Chocolate Paradise

Ridge shop serves up chocolate in all its forms

CocoAmatrice co-owner Ken Yoskowitz shows off the chocolate shop’s Swiss treats.

CocoAmatrice co-owner Ken Yoskowitz shows off the chocolate shop’s Swiss treats.

Photo By matt siracusa

6345 Skyway, Paradise
Hours: Tues.-Sat., noon-7 p.m.

The logo for CocoAma-trice, the “Artisan Chocolates and Tasting Salon” on the Skyway in Paradise, features a Victorian-looking woman who appears to be seducing you to come inside as she hides part of her face behind her fan. In fact, it’s as if the logo is a foil character to See’s Candies’ familiar old grandma who looks strict and uninviting in comparison with her bun, spectacles and black shawl. Meanwhile, CocoAmatrice’s siren has a choker necklace and a half-done bun with a tease of hair falling down.

“The logo, yeah, she’s flirting with the whole idea,” said owner Clarice Armstrong. “You know, is she flirting with a man, or is she trying to get [him] to buy her some chocolates?”

Armstrong opened the shop in Paradise two years ago with her husband, Ken Yoskowitz—she’s the chocolate lady and he’s the gelato man. Yoskowitz usually runs the store while Armstrong works by day as a dialysis nurse. With the stresses that naturally come with nursing, Armstrong says that working with chocolate provides a nice, happy counterbalance in her life.

The shop is warm and inviting, with a rosy color scheme and soft music floating from the CD player. The tables and chairs are augmented by a few stools, couches, a coffee table, and even a coloring and Play-Doh table for children.

The glass case below the front counter is the main attraction, holding a trove of playful chocolate confections that look like a scene out of Alice in Wonderland. All of the chocolates in the case are shipped in from Switzerland and are $1.50 per piece. There are trays full of sensuous shapes: some plain dark, some lacquered and specked with colors, like smooth stones from a stream. There are dark truffles and white truffles, swirled bonbons, heart-shaped treats and checkered chocolates.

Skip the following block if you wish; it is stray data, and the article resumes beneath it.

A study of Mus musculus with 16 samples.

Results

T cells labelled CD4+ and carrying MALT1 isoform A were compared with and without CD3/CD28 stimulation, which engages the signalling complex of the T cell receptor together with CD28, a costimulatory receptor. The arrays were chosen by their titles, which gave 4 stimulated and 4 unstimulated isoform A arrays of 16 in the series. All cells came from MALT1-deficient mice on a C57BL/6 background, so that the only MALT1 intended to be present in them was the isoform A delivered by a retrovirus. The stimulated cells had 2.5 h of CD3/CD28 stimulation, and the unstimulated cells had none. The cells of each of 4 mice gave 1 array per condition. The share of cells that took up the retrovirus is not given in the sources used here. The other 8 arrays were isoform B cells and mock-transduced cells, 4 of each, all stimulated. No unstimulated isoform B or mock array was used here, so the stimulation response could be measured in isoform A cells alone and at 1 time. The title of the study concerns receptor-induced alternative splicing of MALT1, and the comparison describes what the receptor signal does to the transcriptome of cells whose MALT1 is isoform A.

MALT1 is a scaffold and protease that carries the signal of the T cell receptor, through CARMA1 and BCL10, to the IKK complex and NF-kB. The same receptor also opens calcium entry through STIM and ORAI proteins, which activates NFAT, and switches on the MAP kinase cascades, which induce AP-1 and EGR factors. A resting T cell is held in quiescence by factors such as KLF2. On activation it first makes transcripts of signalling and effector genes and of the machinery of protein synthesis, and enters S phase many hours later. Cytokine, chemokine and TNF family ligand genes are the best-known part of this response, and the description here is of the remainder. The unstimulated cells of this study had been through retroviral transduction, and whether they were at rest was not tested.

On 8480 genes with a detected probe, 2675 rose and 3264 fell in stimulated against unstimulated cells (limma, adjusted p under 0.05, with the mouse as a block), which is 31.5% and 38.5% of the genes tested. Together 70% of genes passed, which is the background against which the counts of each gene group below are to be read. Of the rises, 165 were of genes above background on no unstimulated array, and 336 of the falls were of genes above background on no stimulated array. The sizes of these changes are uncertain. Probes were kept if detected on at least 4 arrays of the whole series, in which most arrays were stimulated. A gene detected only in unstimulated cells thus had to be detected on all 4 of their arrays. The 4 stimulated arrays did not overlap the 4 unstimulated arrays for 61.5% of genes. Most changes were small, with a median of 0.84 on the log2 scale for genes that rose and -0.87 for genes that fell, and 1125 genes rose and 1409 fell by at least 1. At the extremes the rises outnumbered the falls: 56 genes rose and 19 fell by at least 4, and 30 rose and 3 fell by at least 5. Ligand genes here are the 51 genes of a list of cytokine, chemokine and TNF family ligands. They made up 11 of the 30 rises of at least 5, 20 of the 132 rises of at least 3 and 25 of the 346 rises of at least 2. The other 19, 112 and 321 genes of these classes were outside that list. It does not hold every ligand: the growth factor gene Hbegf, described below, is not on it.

On one visit, Armstrong showed me how to eat chocolate in conscious steps, having me compare both dark chocolate and the milk chocolate familiar to most American palates.

For the lesson, she chose organic, fair-trade, soy-free Art Bars made in Switzerland ($4.30 for 1.6 oz)—one with 70 percent cocoa and one with 58 percent—as well as an American-made, premium, milk-chocolate Marital Bliss Bar featuring 34 percent cocoa ($2.50 for 3.5 oz.).

First, Armstrong advised to place it on your tongue and savor as it begins to melt, then mesh and crunch the chocolate, noting its flavor as you go. You’re even supposed to make the meditative “om” sound while doing this—which of course naturally turns to “mmm” as the flavor erupts upon your taste buds. Next, there is a second stage of flavor as the sweet sugar and bitter cocoa coat your throat, and finally, as the warmth of the chocolate settles in, whatever caffeine or endorphin chemistry that is taking place completes the experience.

Of course, as a purveyor of the ubiquitous gift of lovers, Armstrong suggests that chocolate has aphrodisiac properties as well.

The range of exotic specialties at CocoAmatrice could certainly cause a sensory overload: The chili truffle that tastes like a shot of Mexican hot chocolate, the raspberry heart, the hazelnut-crunch and the sipping chocolate, made with liquefied dark chocolate, a little added milk and a dollop of whipped cream on top ($3 for 3 oz cup) were all delicious. But the most impressive might have been the Marc de Champagne truffle, with a soft brown outer shell and a gently powdered sugar crown. Inside is a fudge-like ganache filling and even deeper is a remarkable biting taste of champagne.

CocoAmatrice also serves gelato, the Italian ice cream made rich and more dense than traditional ice cream with extra butter cream and about half the air mixed into it (from $2.50-$4.50), and during a second visit I tried a mix of two, making a classic combination with half peanut butter and half of the dark-chocolate Cioccolato Mortale (“Death by Chocolate”). The familiar flavors blended perfectly as I sat melting away blissfully in my chair.

CocoAmatrice is a treasure for those in need of a unique confectionary, and who don’t mind taking a drive to satisfy a craving or stock up for a romantic date.